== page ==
US gas retailers are failing to pass on savings from the Durbin interchange fee amendments to customers, effectively pocketing a $1 billion a year subsidy, claims the Electronic Payments Coalition (EPC) pressure group.
The Durbin amendment to Dodd-Frank legislation has seen interchange rates slashed by about 70% for debit card payments for fuel, says the EPC, which is a coalition of banks, credit unions and card networks opposed to the rules.
With high gas prices likely to play a major role in this year's presidential elections, the EPC has commissioned research from Phoenix Marketing International on the prevalence of debit card use at the pump.
A poll of 5166 consumers shows that 36% of all payments for fuel are made with a debit card - half of all non-cash transactions. The debit card share of both transactions and dollars is higher than any other payment method.
With US Energy Information Administration figures showing that nearly 134 billion gallons of gas were sold in 2011, this means that approximately 48 billion gallons were purchased using debit, claims the EPC.
Yet, despite the $1 billion a year this gives merchants "there continues to be no evidence that retailers are passing along savings," according to the EPC.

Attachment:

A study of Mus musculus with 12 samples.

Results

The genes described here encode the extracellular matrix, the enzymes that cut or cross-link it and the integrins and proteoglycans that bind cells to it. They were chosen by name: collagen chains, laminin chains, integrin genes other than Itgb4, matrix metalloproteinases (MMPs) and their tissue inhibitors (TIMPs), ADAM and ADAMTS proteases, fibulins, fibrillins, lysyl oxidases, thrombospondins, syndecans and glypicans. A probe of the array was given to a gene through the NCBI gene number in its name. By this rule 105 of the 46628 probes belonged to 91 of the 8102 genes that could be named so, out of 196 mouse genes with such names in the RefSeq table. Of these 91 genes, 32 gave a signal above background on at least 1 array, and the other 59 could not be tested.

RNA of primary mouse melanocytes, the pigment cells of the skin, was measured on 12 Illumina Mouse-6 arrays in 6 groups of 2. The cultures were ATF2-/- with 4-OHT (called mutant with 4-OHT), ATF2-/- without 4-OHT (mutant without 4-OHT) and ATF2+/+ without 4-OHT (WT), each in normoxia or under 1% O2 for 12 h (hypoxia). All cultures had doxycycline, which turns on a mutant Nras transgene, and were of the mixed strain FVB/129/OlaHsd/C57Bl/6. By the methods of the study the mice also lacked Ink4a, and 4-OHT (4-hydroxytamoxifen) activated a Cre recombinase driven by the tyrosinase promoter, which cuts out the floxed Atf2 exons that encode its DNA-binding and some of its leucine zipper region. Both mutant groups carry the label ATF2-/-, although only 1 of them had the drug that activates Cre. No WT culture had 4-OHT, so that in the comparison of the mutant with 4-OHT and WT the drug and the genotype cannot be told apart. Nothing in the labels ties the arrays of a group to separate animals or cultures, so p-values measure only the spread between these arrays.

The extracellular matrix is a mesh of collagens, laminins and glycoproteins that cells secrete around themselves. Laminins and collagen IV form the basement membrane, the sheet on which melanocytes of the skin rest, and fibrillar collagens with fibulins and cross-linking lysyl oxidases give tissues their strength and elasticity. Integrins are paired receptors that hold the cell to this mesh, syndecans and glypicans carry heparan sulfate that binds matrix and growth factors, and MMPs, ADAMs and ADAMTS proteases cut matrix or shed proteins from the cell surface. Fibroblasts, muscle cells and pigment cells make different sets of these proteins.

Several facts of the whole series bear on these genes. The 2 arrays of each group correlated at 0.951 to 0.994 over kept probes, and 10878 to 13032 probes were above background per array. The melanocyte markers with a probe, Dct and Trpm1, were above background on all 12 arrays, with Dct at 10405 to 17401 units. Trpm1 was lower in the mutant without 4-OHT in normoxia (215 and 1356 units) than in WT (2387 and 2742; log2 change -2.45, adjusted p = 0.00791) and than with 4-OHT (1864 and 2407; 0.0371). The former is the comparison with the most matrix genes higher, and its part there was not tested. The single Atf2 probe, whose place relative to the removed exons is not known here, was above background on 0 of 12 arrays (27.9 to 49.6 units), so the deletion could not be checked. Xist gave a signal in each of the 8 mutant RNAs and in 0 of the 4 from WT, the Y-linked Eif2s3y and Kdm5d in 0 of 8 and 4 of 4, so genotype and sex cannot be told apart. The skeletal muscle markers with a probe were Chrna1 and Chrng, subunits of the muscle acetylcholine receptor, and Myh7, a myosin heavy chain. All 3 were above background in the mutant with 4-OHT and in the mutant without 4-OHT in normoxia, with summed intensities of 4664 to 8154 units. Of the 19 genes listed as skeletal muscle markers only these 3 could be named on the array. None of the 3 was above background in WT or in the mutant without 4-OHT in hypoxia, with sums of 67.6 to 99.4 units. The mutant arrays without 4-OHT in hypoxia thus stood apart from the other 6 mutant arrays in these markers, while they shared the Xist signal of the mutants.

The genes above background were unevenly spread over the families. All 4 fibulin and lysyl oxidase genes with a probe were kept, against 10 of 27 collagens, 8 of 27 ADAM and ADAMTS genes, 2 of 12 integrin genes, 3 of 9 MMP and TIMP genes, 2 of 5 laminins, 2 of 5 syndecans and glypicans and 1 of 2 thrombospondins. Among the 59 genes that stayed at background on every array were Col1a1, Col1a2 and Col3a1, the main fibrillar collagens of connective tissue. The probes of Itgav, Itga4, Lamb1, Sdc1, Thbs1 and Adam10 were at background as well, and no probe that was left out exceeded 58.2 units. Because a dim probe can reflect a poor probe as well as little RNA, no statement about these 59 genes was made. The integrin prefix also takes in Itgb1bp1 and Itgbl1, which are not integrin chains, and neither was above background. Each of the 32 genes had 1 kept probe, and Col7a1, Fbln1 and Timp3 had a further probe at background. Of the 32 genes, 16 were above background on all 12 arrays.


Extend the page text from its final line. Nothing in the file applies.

Trish Wexler, spokeswoman, EPC, says: "Whenever Congress meddles in an industry debate over who pays what, consumers never win. One side gets a leg up and keeps their windfall, while consumers end up footing the bill. No one is surprised to see that gas retailers are keeping billions of dollars for themselves, while their customers continue to be punished at the pump. Americans should go to their gas stations and demand what's theirs - a discount for debit."
Predictably, NACS, The Association for Convenience and Fuel Retailing, has dismissed the EPC claims. Jeff Lenard, vice president, industry advocacy, told CSNews Online "this 'research' shows the banks' absolute ignorance of the fuels market".